Pakistan’s water-sharing problems continue as provinces remain at odds

Sana FatimaWeb Editor

25th Sep, 2021. 07:48 pm
Pakistan's water-sharing problems

Pakistan’s water-sharing problems

Despite having one of the world’s greatest irrigation systems, river water disputes with India and later between provinces have given headaches to successive governments over the past 70 years.

Feisal Naqvi, a Lahore-based water expert, told Anadolu Agency on the eve of World Rivers Day, that Sindh and Punjab have been fighting over water distribution since before India’s independence and split in 1947.

“This is not a new issue. It was inherited by Pakistan at the time of independence [in 1947],” said Naqvi, who has also represented Pakistan as an attorney in its legal battle on water dispute with India.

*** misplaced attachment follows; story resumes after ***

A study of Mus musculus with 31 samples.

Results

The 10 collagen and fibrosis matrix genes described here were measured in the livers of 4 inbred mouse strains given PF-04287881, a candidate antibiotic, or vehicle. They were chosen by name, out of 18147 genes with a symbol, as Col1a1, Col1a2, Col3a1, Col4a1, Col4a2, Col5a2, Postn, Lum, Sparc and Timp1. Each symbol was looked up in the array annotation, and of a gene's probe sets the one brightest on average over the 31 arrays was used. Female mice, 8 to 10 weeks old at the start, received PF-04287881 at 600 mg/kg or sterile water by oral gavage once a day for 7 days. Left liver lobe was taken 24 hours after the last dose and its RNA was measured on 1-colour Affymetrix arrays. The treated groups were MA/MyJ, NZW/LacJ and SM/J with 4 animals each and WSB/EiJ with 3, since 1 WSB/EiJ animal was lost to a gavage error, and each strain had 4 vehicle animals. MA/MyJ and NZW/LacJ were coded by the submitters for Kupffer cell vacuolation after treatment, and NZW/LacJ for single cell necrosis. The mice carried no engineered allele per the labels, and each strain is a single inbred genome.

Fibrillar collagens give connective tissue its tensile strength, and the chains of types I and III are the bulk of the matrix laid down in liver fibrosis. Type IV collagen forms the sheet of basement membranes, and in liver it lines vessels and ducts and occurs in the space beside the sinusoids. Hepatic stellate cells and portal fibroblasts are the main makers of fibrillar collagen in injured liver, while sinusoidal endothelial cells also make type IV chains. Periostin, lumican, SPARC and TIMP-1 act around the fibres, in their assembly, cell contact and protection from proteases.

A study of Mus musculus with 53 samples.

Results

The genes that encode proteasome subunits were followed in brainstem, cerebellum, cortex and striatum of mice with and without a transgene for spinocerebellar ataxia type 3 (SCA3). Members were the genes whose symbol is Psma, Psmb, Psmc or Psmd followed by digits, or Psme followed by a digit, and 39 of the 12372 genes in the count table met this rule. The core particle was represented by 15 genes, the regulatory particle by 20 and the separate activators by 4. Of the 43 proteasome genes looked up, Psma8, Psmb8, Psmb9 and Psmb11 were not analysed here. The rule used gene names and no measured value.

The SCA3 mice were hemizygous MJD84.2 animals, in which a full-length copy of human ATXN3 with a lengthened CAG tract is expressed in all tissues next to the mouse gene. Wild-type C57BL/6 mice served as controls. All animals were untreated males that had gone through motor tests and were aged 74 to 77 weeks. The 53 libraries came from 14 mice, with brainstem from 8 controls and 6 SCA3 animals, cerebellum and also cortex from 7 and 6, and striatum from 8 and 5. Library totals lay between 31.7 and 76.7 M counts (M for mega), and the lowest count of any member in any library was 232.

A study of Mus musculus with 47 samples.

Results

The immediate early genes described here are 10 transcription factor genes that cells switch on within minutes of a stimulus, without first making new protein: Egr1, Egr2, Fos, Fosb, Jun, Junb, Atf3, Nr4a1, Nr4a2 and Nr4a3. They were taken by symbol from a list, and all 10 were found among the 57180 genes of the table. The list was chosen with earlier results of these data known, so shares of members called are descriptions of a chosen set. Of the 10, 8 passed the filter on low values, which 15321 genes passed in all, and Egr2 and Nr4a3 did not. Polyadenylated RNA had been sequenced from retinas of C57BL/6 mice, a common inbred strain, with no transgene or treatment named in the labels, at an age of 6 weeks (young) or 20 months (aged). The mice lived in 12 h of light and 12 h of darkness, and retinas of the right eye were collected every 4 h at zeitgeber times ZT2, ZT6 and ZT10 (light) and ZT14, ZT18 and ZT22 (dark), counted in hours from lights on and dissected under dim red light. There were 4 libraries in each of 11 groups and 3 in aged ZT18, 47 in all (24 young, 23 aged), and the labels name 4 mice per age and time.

The thrust of the dispute is over the distribution of water from the mighty Indus River, which together with other western rivers Jhelum and Chenab go to Pakistan in line with a 1960 water-sharing agreement between India and Pakistan brokered by the World Bank.

The Sutlej, Beas, and Ravi rivers in eastern India were allotted to India under the mentioned agreement. Around 18 million hectares of fertile land are irrigated by these rivers.

For decades, Punjab and Sindh have been at odds over the sharing of water from the Indus River.

Balochistan also accuses Sindh of stealing its water.

In 1991, an accord was arrived at to settle the decades-long controversy. The spirit of the agreement, according to Naqvi, was suffocated by the provinces’ differing interpretations.

Punjab and Sindh get 55m and 48m acres feet water (MAF) annually out of a total of 142 MAF under the 1991 water accord.